DALLAS -- NHL players may be in line for more frequent flyer miles if the NHL decides to revamp next season's schedule today.
After coming within one vote of bringing back full inter-conference play last month, the board of governors will discuss what's become an emotional issue.
Not everybody is on board for a change to the current format. San Jose Sharks centre Joe Thornton said it wouldn't bother him to not see all 29 opponents during the regular season.
"I'm really a guy who likes to travel as little as possible and likes to get some rest," said Thornton. "I'd like to see us play less games and that would give us more of a chance to focus on staying fresh.
"I wouldn't mind if we didn't have to travel East at all. It doesn't bother me one bit that we travel to Los Angeles four times a year to play them and they come see us four times a year.
"The same with Anaheim. I enjoy that and I think it's just fine the way it is."
While there are several proposals on the table, a formula which will see teams from the East and West play each other once and possibly twice is getting consideration.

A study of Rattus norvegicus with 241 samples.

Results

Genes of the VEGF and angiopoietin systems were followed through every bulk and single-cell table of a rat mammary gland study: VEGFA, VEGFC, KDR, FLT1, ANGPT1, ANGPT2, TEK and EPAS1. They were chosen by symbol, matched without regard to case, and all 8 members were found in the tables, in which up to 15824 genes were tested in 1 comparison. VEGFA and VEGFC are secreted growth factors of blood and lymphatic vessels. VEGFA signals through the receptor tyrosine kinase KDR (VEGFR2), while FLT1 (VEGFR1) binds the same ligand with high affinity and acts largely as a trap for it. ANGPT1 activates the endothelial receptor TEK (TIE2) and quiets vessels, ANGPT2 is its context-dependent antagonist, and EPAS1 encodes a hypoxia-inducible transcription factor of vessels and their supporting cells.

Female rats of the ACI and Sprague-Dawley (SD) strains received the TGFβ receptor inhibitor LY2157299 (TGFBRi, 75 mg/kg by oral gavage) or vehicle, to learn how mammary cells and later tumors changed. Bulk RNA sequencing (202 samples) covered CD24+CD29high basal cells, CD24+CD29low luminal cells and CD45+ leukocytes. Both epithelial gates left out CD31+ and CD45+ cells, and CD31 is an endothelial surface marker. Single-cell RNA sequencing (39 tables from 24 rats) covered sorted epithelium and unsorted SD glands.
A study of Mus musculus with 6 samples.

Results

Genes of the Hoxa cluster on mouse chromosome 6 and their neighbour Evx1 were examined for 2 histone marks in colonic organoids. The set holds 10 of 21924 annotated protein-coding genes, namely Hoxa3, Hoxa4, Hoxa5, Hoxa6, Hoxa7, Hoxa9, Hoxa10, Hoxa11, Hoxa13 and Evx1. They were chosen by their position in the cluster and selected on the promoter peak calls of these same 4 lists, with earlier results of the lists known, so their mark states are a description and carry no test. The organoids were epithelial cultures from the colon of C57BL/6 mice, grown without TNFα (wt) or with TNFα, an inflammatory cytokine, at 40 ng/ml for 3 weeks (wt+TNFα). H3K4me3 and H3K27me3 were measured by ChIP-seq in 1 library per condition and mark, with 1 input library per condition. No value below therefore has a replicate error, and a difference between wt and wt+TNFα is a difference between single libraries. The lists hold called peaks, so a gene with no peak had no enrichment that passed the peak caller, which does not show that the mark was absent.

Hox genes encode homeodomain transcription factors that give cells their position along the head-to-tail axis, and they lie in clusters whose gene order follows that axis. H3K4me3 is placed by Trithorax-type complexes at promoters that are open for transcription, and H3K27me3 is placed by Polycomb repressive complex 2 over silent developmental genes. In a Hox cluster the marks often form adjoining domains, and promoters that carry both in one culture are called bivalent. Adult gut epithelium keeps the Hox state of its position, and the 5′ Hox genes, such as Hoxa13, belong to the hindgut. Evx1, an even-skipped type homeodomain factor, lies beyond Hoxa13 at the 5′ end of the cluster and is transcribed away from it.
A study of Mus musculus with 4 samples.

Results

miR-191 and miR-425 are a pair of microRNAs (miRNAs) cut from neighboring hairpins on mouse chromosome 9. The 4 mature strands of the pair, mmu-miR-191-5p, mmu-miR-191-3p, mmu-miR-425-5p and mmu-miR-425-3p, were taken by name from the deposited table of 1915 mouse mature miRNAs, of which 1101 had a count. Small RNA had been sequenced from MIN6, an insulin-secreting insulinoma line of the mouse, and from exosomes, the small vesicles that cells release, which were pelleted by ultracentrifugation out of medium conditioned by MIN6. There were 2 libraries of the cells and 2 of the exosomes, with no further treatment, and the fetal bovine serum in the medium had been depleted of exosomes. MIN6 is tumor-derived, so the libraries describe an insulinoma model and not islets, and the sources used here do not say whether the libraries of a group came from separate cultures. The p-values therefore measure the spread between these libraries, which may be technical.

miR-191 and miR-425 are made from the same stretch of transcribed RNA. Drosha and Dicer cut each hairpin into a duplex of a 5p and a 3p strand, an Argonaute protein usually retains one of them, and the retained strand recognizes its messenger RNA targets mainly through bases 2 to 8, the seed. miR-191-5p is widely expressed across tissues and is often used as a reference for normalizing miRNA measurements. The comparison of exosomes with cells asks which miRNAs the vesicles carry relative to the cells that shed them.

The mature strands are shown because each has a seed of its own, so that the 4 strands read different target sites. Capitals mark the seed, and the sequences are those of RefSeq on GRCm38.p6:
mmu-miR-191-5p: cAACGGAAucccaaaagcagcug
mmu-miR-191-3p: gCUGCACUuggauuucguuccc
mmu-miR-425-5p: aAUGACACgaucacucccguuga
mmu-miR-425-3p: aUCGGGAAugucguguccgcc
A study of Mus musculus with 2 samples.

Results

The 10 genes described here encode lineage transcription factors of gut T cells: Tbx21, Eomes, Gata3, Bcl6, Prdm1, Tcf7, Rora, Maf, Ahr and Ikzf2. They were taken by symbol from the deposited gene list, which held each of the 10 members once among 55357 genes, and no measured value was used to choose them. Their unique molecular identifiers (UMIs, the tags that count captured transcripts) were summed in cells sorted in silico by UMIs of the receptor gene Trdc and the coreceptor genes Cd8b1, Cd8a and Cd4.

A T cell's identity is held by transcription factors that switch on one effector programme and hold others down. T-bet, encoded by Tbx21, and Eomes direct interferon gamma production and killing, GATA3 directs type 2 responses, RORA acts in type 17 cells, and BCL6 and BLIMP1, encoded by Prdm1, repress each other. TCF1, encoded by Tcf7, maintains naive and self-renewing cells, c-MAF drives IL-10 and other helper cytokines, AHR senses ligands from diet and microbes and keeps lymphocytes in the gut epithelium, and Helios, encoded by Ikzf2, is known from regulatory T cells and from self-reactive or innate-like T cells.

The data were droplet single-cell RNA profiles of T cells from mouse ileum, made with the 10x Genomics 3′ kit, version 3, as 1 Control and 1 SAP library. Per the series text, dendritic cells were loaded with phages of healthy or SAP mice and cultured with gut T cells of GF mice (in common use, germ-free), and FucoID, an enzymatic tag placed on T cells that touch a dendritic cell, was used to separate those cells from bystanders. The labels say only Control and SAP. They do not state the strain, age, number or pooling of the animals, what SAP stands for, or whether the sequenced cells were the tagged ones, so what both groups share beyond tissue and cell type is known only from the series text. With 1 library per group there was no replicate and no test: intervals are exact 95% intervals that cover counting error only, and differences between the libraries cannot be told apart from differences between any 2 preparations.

"I have a strong sense from fellow governors that everybody would like to see resolution on this issue," said Senators president Roy Mlakar.
"I know there are a lot of people who feel that we should play all the teams in the Western Conference at least once during the regular season. I know all the Canadian teams would be very disappointed if we didn't get a chance to play each other every year."
MUST RESOLVE ISSUE
NHL deputy commissioner Bill Daly agrees the league needs to resolve the issue one way or another today. The league can't keep talking about a change and then do nothing.
The current format was adopted to increase the number of games between conference rivals.
"Yes. That's what we've run into," said Daly. "Up to this point, there's been enough support on the old schedule and there hasn't been enough support to make a change.
"If we don't make a change (today), we won't make a change. Then, it's not going to happen. Next season's schedule will be put to bed.
"I'd say if the sentiment of the board is not to change for next season, it doesn't end the debate. We're entering the third year of a three-year cycle. Let's at least get through this and then evaluate the need for change."
Part of the problem is the New Jersey Devils, New York Rangers, Islanders, Philadelphia Flyers and Washington Capitals are all against a change because most of their travel is done by bus. Those owners have a lot of power and the league is going to need 20 votes to make this pass.
"I'd be guessing if I thought which way this might go," said Daly. "We made the change for the reason and we made the change as a response for our fans. The teams were comfortable at that time.
"Now, we have teams that aren't comfortable and want to change it."